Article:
It almost didn’t happen. And when it did, it was truly providential.
Back in the early days of my ministry, almost 40 years ago, the diocese charged parishes two different amounts, Allotment and Outreach, to meet the diocesan budget. Allotment was obligatory; the parish lay members could not take their seat at Synod if it had not been paid. Outreach was suggested but voluntary, with no consequences if it was outstanding. I remember major parishes taking their seats at Synod with very little contributed in the Outreach column. They claimed they did their own mission and outreach, and many of them did. I also remember major parishes fully subscribing their Outreach request, plus doing their own parish mission projects, but not taking their seats because they’d failed to pay all of their Allotment.
Times changed. A few years later, Synod recognized the unfairness, combined both amounts into an Assessment and renamed the provision to lose a seat (and more importantly, a voice) at Synod for those who fell behind.
Every year the needs grew, however. By the early 1990s, the diocesan budget was in a very grave state and had to be reduced drastically. That meant that our diocesan outreach and mission projects were also going to be cut back substantially.
A new way of funding this outreach ministry was proposed: develop a unified campaign, like a church-wide United Way, to ask parishioners directly to donate to these missions. There was strong opposition to the idea. Why should Outreach be removed from the budget and left to the whims of parishioners’ chequebooks and not be required from parishes? If Outreach was truly central to the Gospel, then it should be front and centre in the budget. If people were so certain that it could continue to raise the required amount voluntarily, why not put the more sensitive, people-oriented work in the budget and ask for voluntary contributions to the administrative portion – paper clips, staff and archives?
The arguments had merits, but it was clear that the diocesan budget was going to be cut severely. If Outreach continued to be part of the diocesan budget, it was going to be cut back, too.
So, 20 years ago, with the support of Fr. Jeff Brown, then chair of the Community Ministries Board, Ann Keating its director, and a newly created board to oversee the new direct ministry fundraising project – Richard Parton, Rogers Gardham and Ward McCance, among others – FaithWorks was born.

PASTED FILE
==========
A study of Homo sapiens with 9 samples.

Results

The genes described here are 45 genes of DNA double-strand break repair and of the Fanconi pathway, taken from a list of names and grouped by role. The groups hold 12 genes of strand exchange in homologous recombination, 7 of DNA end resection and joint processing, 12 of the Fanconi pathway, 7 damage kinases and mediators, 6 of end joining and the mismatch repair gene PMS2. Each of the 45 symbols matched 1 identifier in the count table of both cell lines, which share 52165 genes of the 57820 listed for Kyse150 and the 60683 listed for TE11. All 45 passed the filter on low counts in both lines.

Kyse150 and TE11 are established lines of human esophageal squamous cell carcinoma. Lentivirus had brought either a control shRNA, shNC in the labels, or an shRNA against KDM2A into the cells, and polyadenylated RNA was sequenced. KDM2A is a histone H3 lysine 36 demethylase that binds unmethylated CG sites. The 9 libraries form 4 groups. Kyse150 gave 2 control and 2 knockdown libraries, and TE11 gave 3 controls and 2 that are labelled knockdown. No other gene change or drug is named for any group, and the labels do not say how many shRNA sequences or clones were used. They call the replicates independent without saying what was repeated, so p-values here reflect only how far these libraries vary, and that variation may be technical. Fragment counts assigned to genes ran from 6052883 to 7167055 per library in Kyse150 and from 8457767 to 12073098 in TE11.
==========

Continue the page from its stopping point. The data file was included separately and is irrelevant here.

It has been a resounding success. As diocesan budgets have gone down substantially in real dollars from the early 90s, the commitment to the ministries supported by FaithWorks has increased. An additional round of cuts removed about $1 million from the diocesan core budget in the early 2000s, but FaithWorks’ gifts continued to increase. New ministries have been launched to meet emerging needs of people in various parts of the diocese. Good funding for other ministries has provided a launching pad for their independence in seeking broader support.
Parishioners are presented directly with the stories and hopes that their donations will fund. It is so much better than a portion of their regular offering being directed to projects they had likely heard nothing about.
Because parishes receive 15 per cent of undesignated FaithWorks’ donations for their own outreach projects, creative new work is happening locally.
FaithWorks is an opportunity to tell stories that link what we give to how it is making a difference in real people’s lives. And the institution of FaithWorks has allowed us to invite partners from the wider community who would never support church budgets directly, to join in supporting outreach to people in the community in need through our agencies.
We give thanks for those whose vision and energy made it happen, for those who give generously, for those who minister faithfully and for those whose lives have been touched.
The Diocese of Toronto now contributes some 16 per cent of its total budget to FaithWorks’ ministries, plus another 20 per cent to the national and international church beyond our own diocese. Clearly, Outreach has retained a central focus in our lived proclamation of the Gospel of Jesus Christ.
FaithWorks has been a resounding success, something to celebrate, although it almost didn’t happen.